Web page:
Evidence of marijuana’s many health benefits is nothing new.Weed-based beauty products are suddenly chic. Moisturizers, soap, lip balms, candles and even fancy serums spiked with cannabidiol oil — one of the natural compounds found in the cannabis plant — and other derivatives of the cannabis plant have begun to appear in a new crop (pun intended) of beauty lines that seek to appeal to a stylish consumer base. Call it The Alexander Wang/Rihanna Effect: for fashion people, displaying one’s penchant for pot is cool. But as it turns out, weed (well, more specifically, CBD oil) is also a really great beauty ingredient.
First things first: CBD oil in skin care is truly nothing new. And before you even ask, no, it’s not going to get you high. “It’s important to recognize that hemp seed oil has been used for decades for its skin benefits, and while it comes from a plant related to marijuana, it does not contain high levels of the compound THC responsible for the psychoactive effects of marijuana,” says Dr. Joshua Zeichner, the Director of Cosmetic and Clinical Research in Dermatology at Mount Sinai Hospital in New York City. He’s a big proponent of the ingredient when it comes to skin care. When I asked if he’d recommend CBD-oil-based products to his patients, he didn’t hesitate: “Definitely. They provide excellent hydration from natural sources.”
There’s science that supports the notion that CBD oil is actually a fairly remarkable and effective skin-care ingredient. “There is lab data suggesting that cannabis seed oil is anti-inflammatory and may help decrease activity of oil glands, which may explain a benefit in acne,” says Zeichner, citing a 2014 study. In terms of helping skin retain moisture, CBD oil might be effective there as well. “Cannabis oil is rich in fatty acids, which fill in the cracks between skin cells like mortar between bricks. It also has moisturizing and skin soothing properties, which makes it useful in treating dry skin and rashes like eczema,” says Zeichner.
One such company is Herb Essntls, a tightly edited line of cannabis-sativa-oil-laced products that includes a lip balm, body lotion, facial moisturizer and candle. The products, priced between $12 (for the lip balm) and $65 (for the candle), come housed in stark, black-and-white packaging with a modern looking logo. Those are them, above — tell me they aren’t chic as hell. You know you’d ‘gram it. And fashionable retailers agree: Herb Essntls is currently sold at The Frankie Shop and In Support Of in New York City, as well as in boutiques in Portland, Stockholm and Paris.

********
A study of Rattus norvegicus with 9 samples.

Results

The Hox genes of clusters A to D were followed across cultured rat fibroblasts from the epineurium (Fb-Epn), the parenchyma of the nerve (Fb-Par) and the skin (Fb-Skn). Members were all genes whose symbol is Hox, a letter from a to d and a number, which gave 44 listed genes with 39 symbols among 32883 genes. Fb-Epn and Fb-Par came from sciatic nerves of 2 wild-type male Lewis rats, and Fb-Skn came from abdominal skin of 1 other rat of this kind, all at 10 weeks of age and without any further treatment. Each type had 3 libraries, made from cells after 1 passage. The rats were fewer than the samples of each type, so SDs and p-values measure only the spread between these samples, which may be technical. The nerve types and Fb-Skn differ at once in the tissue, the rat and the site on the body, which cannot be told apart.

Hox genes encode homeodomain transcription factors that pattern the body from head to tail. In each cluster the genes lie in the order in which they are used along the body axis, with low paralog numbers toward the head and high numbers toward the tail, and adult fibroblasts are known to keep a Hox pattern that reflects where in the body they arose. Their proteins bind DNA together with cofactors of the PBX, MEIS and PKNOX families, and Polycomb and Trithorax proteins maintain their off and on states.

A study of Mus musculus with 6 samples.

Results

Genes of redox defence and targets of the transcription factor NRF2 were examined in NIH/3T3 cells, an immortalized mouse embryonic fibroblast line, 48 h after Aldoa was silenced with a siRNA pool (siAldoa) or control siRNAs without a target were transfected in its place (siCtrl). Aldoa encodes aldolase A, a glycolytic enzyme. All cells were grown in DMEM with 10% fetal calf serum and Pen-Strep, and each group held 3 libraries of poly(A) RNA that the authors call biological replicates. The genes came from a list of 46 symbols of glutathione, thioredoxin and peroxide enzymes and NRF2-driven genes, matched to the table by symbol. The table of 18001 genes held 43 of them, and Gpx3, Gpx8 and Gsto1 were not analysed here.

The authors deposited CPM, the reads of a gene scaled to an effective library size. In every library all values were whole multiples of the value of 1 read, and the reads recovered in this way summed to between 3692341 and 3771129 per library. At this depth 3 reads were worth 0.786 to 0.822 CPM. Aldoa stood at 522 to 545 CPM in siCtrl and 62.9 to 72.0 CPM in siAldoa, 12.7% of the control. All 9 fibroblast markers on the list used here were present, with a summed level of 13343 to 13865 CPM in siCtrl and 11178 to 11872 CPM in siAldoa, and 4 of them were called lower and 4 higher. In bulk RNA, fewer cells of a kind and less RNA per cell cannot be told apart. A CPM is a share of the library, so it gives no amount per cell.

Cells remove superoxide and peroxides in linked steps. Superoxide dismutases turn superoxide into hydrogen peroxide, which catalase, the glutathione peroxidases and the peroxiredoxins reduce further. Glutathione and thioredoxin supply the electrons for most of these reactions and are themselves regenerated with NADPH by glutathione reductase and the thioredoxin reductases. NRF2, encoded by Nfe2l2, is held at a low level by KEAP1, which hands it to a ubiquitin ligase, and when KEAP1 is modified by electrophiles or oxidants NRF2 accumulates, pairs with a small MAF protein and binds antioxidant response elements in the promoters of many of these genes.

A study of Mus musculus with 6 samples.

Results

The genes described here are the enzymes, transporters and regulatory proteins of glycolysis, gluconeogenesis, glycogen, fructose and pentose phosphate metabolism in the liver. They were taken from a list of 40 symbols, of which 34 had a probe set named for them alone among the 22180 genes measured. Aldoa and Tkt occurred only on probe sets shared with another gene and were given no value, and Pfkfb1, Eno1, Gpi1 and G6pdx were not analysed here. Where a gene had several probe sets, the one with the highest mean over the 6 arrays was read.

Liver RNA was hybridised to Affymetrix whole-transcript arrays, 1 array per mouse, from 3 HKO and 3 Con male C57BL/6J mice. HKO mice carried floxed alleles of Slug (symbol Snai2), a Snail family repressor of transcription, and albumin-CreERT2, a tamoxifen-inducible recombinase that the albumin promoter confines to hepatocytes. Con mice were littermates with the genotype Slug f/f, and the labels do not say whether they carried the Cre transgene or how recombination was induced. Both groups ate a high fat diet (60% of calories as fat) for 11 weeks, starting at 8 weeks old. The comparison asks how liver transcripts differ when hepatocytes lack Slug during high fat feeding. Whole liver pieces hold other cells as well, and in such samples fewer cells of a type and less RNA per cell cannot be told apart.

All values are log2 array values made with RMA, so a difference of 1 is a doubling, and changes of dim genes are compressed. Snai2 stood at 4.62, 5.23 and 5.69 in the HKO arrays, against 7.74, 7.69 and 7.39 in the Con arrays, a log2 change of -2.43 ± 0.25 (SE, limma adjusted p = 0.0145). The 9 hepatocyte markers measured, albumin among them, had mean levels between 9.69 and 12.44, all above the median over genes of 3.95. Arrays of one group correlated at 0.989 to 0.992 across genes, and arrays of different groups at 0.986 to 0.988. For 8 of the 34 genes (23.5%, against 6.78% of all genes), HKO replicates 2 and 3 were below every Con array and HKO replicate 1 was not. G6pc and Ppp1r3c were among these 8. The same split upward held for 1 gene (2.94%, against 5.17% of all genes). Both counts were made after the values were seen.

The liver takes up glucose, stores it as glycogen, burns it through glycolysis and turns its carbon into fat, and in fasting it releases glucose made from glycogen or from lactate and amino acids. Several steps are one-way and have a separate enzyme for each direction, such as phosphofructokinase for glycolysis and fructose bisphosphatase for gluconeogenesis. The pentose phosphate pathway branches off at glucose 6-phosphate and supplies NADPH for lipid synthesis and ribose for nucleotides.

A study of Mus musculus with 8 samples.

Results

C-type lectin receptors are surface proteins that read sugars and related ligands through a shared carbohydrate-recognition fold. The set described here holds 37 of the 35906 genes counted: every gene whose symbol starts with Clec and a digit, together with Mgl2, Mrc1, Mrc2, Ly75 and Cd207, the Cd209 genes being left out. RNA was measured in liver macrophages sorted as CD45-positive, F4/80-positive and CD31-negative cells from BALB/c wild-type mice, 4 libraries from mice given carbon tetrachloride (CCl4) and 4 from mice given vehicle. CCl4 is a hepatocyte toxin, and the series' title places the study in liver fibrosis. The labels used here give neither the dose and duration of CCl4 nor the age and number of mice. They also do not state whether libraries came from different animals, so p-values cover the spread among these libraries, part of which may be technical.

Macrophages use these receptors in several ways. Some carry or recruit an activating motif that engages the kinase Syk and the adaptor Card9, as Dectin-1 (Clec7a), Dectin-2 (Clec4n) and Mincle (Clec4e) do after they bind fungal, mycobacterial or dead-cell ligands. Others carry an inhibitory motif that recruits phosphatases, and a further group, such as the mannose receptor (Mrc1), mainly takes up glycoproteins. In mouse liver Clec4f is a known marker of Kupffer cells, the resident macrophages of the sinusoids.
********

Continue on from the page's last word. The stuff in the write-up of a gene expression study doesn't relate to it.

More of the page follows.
Founders Robert Lund and Ulrika Karlberg, both from Sweden, have a background in marketing across a variety of industries. “Cannabis in all forms has gone from a big and longstanding cultural movement with a message of love and tolerance to a mainstream megatrend,” says Lund. He and Karlberg walked me through the process of what it’s like to source the ingredient for products. “We are using cannabis sativa seed oil as our main ingredient, so there are no legal issues whatsoever. CBD is a tiny bit trickier, but it’s not a legal issue, it’s more of a costing issue. As legal grow houses and fields are exploding onto the market, any issues with the non-psychoactive derivatives from the plant will disappear pretty fast. When it comes to THC, however, it’s a different playing field. THC infused products are only allowed to be sold in licensed dispensaries. The benefit for THC in skin care is also a bit unclear at the moment, which is why we’re not using it in our products right now.” But the duo doesn’t rule out potentially using THC in the future.
Spafinder Wellness 365 reports that many marijuana dispensaries have been aligning themselves with the spa school of thought, adopting similar, blissed-out offerings, like massage, acupuncture, “medicinal” smoothies, and consults with naturopaths. Editor-in-chief Elaine D’Farley says the growing support for marijuana legalization and an increased awareness of the potential benefits of cannabis are the driving forces behind this movement. As it stands, Colorado, Alaska, Oregon, Washington state, and Washington, D.C., have green-lit recreational use of pot; 23 states allow some form of medicinal use. And with more legalization initiatives on the 2016 ballot, many more states could follow suit later this year.
Clinical studies have found THC to be a pain reliever, antioxidant, and suppressor of seizures. CBD has anxiety-quelling, antibacterial, even cancer-killing properties. In the derm realm, these same molecules are proving to be useful remedies for treating skin woes, like acne, psoriasis, and eczema (more on that ahead). Yet, despite all the buzz, our understanding of cannabis and the ways it can benefit our skin, hair, and senses has been hazy at best…until now.
Ahead, we call on dermatologists, cosmetic chemists, perfumers, botanists, even a couple of neuroscientists and psychopharmacology researchers (the guys who investigate myriad uses for medical marijuana) to enlighten us on the age-old ingredient when it comes to makeup, fragrance, skin, and hair care. It’s high time, wouldn’t you say?